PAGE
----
Even after a century, the Armenian genocide is a cornerstone of Armenian identity

The World
Harout Bassmajian in the family store, Arax Market, in Watertown, Massachusetts.

Harout Bassmajian in his family's store, Arax Market, in Watertown, Massachusetts. He grew up in a close-knit Armenian community.

Jeb Sharp

Harout Bassmajian was born here in the US, but he grew up steeped in his family's Armenian culture. He went to Armenian primary school, spoke Armenian at home and heard again and again the story of how his grandfather was orphaned during the Armenian Genocide when he was just a child.

“I thought it was a sad story, but it’s such a great story,” Bassmajian says. “I used to say it proudly to people, ‘Can you believe this is how I’m here?’”

In 1915, the Ottoman Empire killed more than a million Armenians in massacres and forced deportations, driving them off their lands in what is now Turkey. Many ended up in Syria, Lebanon and beyond. Armenians around the world will commemorate the 100th anniversary of the killings on April 24 with vigils, church services and family gatherings.

But while the present-day Turkish government acknowledges the killings took place, it refuses to call them a genocide, creating grievances between the two peoples that fester to this day.

Bassmajian, who is 36, works at Arax Market, his family’s grocery store in Watertown, Massachusetts. On the day I visited the store, Bassmajian was trimming big bunches of parsley and putting them on display before the Easter rush. He kept working as he recounted his family's part in the massacres.

“My grandfather and his friends were all out one day. They were hanging out in somebody’s backyard, eating apples out of a tree," he says. "The owner of the land saw the boys outside and he recognized my grandfather and said, 'Hey, Harout, I see you. I’m going to tell your father. You shouldn’t be here.’

“My grandfather was scared as hell what my great-grandfather might do to him, so he hid in a tree. As soon as it was night time, it got really dark. He thought, it’s time to go home. And [he] opened the door to find his whole family. They were all killed: His sister, his brother, my great-grandparents. He lost his mind. He saw all that.”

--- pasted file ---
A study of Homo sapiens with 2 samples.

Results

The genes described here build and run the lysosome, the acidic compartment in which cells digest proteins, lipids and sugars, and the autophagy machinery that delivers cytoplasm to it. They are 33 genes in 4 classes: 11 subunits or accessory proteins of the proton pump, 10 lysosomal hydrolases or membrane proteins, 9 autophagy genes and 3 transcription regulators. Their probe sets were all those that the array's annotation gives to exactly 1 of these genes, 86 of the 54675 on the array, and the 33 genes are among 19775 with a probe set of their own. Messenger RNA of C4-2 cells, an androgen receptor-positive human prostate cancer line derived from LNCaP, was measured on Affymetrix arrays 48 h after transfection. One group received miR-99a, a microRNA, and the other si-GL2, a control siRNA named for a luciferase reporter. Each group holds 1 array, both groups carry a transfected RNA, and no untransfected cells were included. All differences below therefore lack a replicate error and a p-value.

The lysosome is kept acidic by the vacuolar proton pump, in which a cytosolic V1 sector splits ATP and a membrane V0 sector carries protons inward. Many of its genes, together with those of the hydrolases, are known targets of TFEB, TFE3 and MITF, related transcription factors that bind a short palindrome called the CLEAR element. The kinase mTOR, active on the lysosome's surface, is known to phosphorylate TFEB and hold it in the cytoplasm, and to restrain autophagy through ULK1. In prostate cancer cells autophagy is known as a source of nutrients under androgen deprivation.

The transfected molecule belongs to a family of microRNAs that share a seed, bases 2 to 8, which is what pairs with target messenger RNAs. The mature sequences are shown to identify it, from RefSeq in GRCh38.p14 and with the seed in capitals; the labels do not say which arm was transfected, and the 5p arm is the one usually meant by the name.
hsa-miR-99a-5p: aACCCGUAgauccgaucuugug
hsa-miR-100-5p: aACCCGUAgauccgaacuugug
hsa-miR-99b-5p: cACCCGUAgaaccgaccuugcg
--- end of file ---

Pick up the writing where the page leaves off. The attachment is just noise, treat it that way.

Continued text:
Bassmajian says he doesn’t know all the details of his grandfather’s story, but he believes he was taken in by a Turkish family who hid him in their basement. Eventually he made his way to an orphanage in Lebanon. The rest is history.  

"It’s just crazy, just from that one apple," Bassmajian says. "If he was at home, he would have died. My mother wouldn’t exist. I wouldn’t exist." 

Many Armenians have similar stories; survival and perseverence are constant themes. After Bassmajian's parents came to the US from Lebanon in the 1970s, they worked hard to instill their history and culture in their children.

“When we were at home, my parents always wanted me to speak Armenian because they didn’t want me to forget it,” Bassmajian says. “Whenever we would speak English, they wouldn’t answer back — or they would give us the ‘the look.’”

Bassmajian appreciates that upbringing as he grows older. “Growing up in Watertown, there were so many Armenians around … it’s not like you can drift away from it,” he says. Nor does he want to. He’d like to marry an Armenian and send his kids to an Armenian school like the one he went to. “It’s crazy how you get older and start thinking like your parents,” he says.

Even among Armenian Americans who don't plan to hold as tightly to tradition as Bassmajian, you'll often find an incredibly strong sense of identity. 

“Being Armenian is unique,” says Paul Varadian, a local businessman and former Olympian. “We are a small group. We lost three-quarters of our population 100 years ago. What remains is something admirable. We’ve survived. We’ve persevered. We should look at that kindly.”

Varadian has mixed feelings about the centenary of the genocide. He knows keeping the memory alive is important, but he hopes the 100-year mark can also be a turning point.  

“We should never forget, but we should move forward,” he says. “I think our job is to educate our children, remind them of what happened — but understand it’s about the future, not the past.”